Ryerson University

 

"'Golden Eyes' asks Have you bought your Liberty Bonds yet?" "Golden Eyes" was one of the celebrated "Brinkley Girls," who showed up as an American home front heroine during World War I. Drawn by cartoonist Nell Brinkley, "Golden Eyes" sold Liberty Bonds and encouraged Americans to support the war effort. As one of Brinkley's stylish and popular female characters, "Golden Eyes" stood for patriotism and suffrage and wanted to do "her bit."

 
Nell Brinkley (1886-1944), the creator of the Brinkley Girl, was nationally syndicated for the Hearst newspapers, and published her cartoons in New York's popular periodicals such as Cosmopolitan and Harper's Magazine. Throughout her long career, which started when Brinkley was a teenager and spanned four decades to the 1940s, the illustrator shrewdly used her work to encode political messages, sympathizing with working women and making a series about First Lady Eleanor Roosevelt.
On Thursday May 8, 6-8 pm, American comics writer, artist and historian Trina Robbins, the author of a new book, Pretty in Ink: North American Women Cartoonists 1896-2013, will give a public talk on the subject of the Brinkley Girls and war time patriotism at Ryerson University.
 

Thursday, May 8, 6-8 pm
MLC Gallery, Ryerson University
111 Gerrard Street East, First Floor

 
Refreshments will be served. Books are available for purchase and will be signed by the author. This event is free of charge and open to the general public. All welcome.
To RSVP, please contact: admin@mlc.ryerson.ca | 416-979-5000 ext. 7668
For more information: Dr. Barbara Postema, Postdoctoral Fellow, MLCRC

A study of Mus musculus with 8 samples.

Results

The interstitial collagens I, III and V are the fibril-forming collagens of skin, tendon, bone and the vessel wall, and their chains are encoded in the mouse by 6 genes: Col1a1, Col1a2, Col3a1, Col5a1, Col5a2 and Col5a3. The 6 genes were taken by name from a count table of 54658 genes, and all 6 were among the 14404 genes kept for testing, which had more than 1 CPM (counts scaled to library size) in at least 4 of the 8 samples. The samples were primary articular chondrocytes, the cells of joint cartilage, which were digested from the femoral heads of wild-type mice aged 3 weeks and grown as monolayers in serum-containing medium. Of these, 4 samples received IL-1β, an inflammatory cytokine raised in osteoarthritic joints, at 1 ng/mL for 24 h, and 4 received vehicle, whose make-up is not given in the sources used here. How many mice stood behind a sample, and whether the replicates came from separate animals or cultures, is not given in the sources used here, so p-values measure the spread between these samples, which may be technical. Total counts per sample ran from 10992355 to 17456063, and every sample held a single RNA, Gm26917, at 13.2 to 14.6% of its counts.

Robbins' talk immediately precedes the Toronto Comic Arts Festival, which takes place from May 10-11. Local and international comics aficionados expect a lively exchange on all things comics.

 

 
Biography:
Trina Robbins is a prolific author with a focus on women and feminist themes in comics. She is the author of The Great Women Superheroes: From Girls to Grrrlz, The Great Women Cartoonists, and Nell Brinkley and the New Woman in the Early 20th Century. She has also written a comic that throws a light on Lily Renée, Escape Artist, a biography in comics form about a holocaust survivor who went on to become a Golden Age comic book artist.
 
The Toronto Comic Arts Festival 2014 will take place Saturday, May 10, 9am-5pm, and Sunday May 11th, 11am-5pm, at Toronto Reference Library, 789 Yonge Street. 18,000 visitors are expected. The Toronto Comic Arts Festival exists to promote the breadth and diversity of comics, and what is considered comics, as legitimate medium of literary and artistic worth.
 
Robbins' talk is co-hosted by the Canadian Society for the Study of Comics and the Modern Literature and Culture Research Centre, Ryerson University.